April 17, 2013

typewriter close-up useTalk about retro and talk more about innovation. I was flipping through the pages of the Sky Mall catalogue on my latest flight from Atlanta, and had to do a double take when I saw an ad, in the midst of all those new technological creations and inventions, for a manual typewriter. Yes, you read that right: a manual typewriter. The advertisement suggests extinction, or at the very least an unknown quantity to people under the age of 40. But apparently the manual typewriter isn’t entirely extinct, nor is it as cheap as it was when I bought my first one ($42) from Kmart in 1978.

Typewriter page useAlong with obsolescence, the ad also calls to mind a different era when, in the world of writing and creating content, you had to actually think before you wrote. No spell-check to do it for you, unless you count the oversized Webster’s and Roget’s that lay beside you and your manual word-creator. Only 44 keys that like the ad states: required a firm, purposeful stroke.” In other words, you had to hit them like you were pummeling each word into line (hence the phrase – pounding out a story), forcing the lettered creation to comport itself with the well thought-out construction and word choice that you raised it to be. Because it was a fact, you’ couldn’t hit the delete button if you made an error or just didn’t like the way something sounded.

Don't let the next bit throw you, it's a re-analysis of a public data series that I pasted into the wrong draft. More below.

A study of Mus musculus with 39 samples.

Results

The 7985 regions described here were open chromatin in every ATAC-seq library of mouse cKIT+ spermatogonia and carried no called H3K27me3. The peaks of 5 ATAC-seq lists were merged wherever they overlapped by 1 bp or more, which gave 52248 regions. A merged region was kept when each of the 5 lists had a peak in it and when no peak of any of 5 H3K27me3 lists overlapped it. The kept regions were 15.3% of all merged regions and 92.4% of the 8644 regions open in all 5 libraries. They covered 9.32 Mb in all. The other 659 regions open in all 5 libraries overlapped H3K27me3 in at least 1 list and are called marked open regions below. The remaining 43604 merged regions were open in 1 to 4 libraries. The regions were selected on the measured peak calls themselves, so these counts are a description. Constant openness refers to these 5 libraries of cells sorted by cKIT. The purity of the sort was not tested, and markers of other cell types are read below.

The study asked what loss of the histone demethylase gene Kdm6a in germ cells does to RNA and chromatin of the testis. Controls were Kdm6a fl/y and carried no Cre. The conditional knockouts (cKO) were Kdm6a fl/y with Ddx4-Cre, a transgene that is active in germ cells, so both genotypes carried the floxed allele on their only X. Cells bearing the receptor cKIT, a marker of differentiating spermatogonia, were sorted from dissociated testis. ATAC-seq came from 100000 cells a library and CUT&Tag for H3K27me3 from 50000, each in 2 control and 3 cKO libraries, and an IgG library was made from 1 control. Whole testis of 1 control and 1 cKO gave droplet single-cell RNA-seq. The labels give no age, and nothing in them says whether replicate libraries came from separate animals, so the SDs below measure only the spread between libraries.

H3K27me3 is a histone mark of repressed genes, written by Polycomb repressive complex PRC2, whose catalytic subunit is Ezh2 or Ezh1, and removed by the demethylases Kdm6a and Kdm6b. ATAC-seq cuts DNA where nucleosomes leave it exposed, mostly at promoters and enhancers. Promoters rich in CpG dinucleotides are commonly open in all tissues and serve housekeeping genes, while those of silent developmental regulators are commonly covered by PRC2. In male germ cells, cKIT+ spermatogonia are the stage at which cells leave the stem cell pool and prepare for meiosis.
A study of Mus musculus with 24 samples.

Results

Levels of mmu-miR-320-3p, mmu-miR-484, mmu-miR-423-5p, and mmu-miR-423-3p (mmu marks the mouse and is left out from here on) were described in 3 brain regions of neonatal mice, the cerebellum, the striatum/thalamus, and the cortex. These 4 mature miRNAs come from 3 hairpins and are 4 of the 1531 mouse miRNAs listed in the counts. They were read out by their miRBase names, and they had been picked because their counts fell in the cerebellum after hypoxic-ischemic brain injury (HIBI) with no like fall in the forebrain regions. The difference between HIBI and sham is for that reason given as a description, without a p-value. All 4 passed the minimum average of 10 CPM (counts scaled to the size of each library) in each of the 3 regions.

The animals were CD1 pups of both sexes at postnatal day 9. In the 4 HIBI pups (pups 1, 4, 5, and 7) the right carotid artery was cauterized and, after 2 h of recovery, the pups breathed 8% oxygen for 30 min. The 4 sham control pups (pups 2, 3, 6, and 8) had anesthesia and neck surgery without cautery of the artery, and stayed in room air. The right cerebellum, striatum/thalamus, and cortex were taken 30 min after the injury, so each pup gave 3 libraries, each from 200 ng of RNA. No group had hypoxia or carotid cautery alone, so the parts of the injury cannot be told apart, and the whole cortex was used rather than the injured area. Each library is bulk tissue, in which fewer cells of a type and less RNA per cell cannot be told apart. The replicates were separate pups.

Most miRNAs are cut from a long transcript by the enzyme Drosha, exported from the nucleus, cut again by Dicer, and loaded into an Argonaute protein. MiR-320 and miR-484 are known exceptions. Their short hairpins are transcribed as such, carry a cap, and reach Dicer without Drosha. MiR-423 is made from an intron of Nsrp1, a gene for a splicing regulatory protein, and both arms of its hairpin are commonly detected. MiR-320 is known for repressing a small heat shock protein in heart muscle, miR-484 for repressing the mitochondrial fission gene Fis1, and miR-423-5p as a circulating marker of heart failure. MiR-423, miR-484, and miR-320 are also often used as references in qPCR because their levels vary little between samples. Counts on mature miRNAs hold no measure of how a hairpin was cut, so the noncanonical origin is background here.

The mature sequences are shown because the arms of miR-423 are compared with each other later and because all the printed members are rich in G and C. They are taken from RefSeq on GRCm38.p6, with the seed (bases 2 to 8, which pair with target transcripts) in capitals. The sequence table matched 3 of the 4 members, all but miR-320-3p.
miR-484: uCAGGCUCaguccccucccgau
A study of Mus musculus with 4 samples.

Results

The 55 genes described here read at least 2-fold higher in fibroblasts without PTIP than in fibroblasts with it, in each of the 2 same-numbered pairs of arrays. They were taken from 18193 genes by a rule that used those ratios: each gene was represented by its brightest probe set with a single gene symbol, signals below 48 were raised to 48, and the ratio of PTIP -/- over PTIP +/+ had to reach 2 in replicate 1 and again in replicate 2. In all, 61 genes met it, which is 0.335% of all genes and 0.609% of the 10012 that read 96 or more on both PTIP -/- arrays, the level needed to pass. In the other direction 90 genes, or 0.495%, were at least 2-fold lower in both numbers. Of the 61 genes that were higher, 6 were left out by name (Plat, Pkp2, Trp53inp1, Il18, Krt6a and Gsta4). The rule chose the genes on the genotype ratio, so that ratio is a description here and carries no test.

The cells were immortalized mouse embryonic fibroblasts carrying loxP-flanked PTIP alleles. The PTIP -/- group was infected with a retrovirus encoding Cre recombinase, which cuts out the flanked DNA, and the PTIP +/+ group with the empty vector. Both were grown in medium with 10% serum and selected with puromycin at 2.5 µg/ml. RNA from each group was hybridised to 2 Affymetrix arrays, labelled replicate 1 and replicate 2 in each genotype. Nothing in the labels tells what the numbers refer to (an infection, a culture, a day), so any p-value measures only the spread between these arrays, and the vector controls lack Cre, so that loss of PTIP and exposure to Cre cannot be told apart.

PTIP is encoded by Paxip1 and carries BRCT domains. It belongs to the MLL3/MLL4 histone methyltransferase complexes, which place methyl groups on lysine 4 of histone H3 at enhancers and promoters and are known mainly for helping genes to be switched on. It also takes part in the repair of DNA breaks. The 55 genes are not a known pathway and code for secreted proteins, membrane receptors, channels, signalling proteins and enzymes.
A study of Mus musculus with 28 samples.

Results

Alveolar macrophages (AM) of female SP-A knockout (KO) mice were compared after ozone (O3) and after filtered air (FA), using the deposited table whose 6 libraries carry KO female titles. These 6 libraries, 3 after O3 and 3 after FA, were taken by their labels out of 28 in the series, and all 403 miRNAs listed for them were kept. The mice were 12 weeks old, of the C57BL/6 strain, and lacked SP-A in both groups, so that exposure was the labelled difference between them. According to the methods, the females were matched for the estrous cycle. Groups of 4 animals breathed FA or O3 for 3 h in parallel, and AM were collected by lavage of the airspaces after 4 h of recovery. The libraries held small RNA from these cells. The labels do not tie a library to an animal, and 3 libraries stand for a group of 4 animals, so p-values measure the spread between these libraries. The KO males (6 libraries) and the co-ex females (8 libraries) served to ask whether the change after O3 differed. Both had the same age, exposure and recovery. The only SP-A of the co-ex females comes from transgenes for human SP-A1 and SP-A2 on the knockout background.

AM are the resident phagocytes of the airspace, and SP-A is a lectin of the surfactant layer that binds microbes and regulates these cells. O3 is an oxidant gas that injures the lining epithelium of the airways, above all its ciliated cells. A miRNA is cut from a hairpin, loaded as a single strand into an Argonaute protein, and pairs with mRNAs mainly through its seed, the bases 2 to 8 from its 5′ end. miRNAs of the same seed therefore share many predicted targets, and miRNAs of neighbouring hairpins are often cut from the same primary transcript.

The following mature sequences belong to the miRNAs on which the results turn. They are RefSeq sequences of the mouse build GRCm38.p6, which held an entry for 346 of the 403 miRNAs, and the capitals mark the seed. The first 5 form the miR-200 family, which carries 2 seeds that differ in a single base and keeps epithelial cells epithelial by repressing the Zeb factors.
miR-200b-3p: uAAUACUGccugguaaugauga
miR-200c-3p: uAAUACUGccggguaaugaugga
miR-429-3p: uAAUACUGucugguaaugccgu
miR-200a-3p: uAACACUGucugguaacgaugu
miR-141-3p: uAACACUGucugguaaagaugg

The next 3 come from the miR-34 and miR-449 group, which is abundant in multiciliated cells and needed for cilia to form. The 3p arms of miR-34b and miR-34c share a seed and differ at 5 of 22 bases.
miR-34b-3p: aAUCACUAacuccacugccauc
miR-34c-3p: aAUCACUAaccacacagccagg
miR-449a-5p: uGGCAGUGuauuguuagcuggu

But was that so bad? Granted, no one wants to go back to the days of manual creating, but a lot of it was a foundation for practices that we no longer utilize in today’s digitally spinning world. In fact, I think we would all do well to slow down a bit and think before we create. Remember: the first laptop was a pencil and a notepad – one end of the pencil was the keyboard and the other was the delete button.

And no, I didn’t pull out my manual typewriter to write this…but I did ponder every change spell-check suggested. And vetoed a couple of them. That’s the power of the human element of this thing we call creativity.


  1. Good to remember the good ole days. Writing was so different.